Four Beaches and Two Marinas Awarded Blue Flag for Sustainable Tourism

After an extensive annual review process, four of the territory’s beaches and two of its marinas will once again fly an eco-label that recognizes them for their dedication to sustainable tourism.

Known as the “Blue Flag Program,” the status is designated by the Foundation for Environmental Education and is based on compliance with 32 criteria, including environmental education and information, water quality, environmental management and safety.

The flags this year were awarded to:

St. Thomas: Emerald Beach, Great Bay Beach and Crown Bay Marina.


All have received the award at least once before. Crown Bay Marina and Green Cay Marina have now been certified for the fifth year in a row.

FEE sets the criteria the sites must comply with, but it’s all guided by information from the United Nations Environment Programme, World Health Organization and World Trade Organization. There’s also a $1,000 application fee and the beaches must cover some of the water monitoring costs.

“The Blue Flag Program is increasingly being conducted within a wider context, improving the environmental quality of beaches and marinas and the management of coastal areas in a holistic way,” said the V.I. Blue Flag coordinator Valerie Peters.

Peters explained that having multiple stakeholders on one beach can be very challenging, since part of the beach could be managed, but not all of it. At Emerald Beach, the Blue Flag designation only covers the part of the beach that is maintained by the resort.

“It is a system that does not curtail recreation and tourism in the coastal area but rather deals with it through a wide range of subjects, activities and users that have direct and indirect interactions with the coastal environment,” Peters added

When the territory’s Blue Flag sites raise their flags on Dec. 1, they can promote the designation on their websites and social media accounts. The V.I. Department of Tourism, the V.I. Hotel and Tourism Industry and the national Blue Flag website will promote their eco-conscious status.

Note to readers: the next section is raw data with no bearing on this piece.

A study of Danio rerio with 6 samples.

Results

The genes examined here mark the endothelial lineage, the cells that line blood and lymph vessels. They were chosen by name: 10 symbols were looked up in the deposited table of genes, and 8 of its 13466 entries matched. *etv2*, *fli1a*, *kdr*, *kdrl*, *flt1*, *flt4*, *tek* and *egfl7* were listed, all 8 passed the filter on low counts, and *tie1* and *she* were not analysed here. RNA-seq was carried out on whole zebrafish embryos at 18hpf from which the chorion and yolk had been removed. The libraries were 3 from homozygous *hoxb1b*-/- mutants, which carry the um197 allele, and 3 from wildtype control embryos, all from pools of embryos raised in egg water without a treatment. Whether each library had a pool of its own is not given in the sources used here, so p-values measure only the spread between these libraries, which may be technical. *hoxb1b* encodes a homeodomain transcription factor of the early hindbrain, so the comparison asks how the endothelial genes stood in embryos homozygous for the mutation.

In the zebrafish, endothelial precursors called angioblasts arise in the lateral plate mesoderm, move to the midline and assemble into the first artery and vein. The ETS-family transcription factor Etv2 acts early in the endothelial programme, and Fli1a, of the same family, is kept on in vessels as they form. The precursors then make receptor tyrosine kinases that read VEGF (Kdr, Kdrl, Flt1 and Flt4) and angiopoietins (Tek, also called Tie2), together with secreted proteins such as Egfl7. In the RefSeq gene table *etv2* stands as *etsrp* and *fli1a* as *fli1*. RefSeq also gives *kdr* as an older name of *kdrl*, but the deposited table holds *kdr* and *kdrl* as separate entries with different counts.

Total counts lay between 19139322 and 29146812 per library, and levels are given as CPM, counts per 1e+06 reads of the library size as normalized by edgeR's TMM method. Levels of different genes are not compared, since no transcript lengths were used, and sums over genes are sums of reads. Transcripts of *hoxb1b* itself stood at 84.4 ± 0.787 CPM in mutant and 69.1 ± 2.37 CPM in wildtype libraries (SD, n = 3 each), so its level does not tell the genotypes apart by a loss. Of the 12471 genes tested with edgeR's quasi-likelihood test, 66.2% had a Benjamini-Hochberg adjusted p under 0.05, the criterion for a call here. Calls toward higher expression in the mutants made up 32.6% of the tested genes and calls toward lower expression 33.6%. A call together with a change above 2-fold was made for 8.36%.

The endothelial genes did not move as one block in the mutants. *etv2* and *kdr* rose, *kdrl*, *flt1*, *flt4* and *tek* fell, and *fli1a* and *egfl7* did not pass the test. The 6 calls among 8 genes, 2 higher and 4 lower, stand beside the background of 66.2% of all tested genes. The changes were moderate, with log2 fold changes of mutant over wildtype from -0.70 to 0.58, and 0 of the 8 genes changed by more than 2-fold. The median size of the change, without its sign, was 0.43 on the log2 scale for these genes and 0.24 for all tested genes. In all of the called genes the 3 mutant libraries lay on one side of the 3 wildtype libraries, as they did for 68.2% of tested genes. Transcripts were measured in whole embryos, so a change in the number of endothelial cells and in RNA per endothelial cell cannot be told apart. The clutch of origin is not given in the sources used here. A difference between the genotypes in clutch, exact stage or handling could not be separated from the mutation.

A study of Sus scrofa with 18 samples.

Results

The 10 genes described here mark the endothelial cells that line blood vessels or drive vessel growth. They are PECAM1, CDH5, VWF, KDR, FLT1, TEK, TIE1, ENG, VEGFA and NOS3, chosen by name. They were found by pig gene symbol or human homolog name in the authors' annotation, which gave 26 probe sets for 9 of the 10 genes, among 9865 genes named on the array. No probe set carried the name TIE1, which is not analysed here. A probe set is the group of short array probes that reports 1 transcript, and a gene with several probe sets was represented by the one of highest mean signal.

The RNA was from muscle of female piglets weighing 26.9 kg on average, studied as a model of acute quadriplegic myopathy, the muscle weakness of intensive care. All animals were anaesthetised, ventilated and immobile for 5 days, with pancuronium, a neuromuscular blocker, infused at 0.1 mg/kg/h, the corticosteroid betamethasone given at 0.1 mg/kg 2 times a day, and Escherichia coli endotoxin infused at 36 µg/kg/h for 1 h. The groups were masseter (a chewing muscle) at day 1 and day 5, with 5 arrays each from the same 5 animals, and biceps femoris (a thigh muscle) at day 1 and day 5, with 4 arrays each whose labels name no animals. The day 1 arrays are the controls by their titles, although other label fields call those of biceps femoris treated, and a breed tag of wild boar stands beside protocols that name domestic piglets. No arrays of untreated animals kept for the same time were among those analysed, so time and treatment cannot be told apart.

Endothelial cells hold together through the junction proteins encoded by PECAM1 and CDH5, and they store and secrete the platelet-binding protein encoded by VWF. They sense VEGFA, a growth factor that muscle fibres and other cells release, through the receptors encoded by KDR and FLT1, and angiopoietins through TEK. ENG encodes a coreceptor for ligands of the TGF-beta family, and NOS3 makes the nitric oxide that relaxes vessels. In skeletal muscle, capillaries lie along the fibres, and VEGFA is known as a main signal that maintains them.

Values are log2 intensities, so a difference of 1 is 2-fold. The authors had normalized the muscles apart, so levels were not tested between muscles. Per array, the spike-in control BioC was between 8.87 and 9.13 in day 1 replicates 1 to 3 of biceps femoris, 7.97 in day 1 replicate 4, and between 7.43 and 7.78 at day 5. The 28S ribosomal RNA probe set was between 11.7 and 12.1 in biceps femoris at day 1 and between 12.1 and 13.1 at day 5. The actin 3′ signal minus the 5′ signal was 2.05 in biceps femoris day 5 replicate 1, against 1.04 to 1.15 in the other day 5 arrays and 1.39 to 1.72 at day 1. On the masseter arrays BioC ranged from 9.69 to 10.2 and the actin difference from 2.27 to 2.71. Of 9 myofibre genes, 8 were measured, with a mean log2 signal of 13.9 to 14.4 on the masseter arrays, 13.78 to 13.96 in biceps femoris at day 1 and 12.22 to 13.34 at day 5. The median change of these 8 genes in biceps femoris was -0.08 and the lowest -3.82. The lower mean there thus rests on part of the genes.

According to Peters, anyone interested in coastal conservation, sustainability, marine eco-systems, water safety and quality will appreciate the designation.

The sites must apply for designation every year even if they’ve been awarded the status in previous years. A team of national jurors from agencies and departments including the Environmental Protection Agency, V.I. Waste Management Authority, Coast Zone Management and the Department of Education review the applications and conduct an on-site inspection.

“The Blue Flag Program serves to encourage authorities and managers to provide beaches and marinas with a certain level of environmental quality, cleanliness, and safety standards for local populations and tourists” Peters said.

Peters said that not all of the benefits of having Blue Flag status are obvious, and listed the following additional additional advantages:

– Clean beaches and regularly monitored bathing water quality,

– Environmental education activities and information for residents and visitors,

– Access to life saving equipment and other safety services,

– Healthy and safe coastal environments,

– Preservation of the local natural resources,

– Promote sound environmental values and sustainable lifestyles,

– Bring together the tourism and environmental sectors at local, national and regional levels,

– International exposure and recognition for the USVI, and

– Foster community pride.

Founded in 1987, the Blue Flag Program started with 10 participating countries and is now found in 48 countries and more than 4,000 beaches and marinas around the world.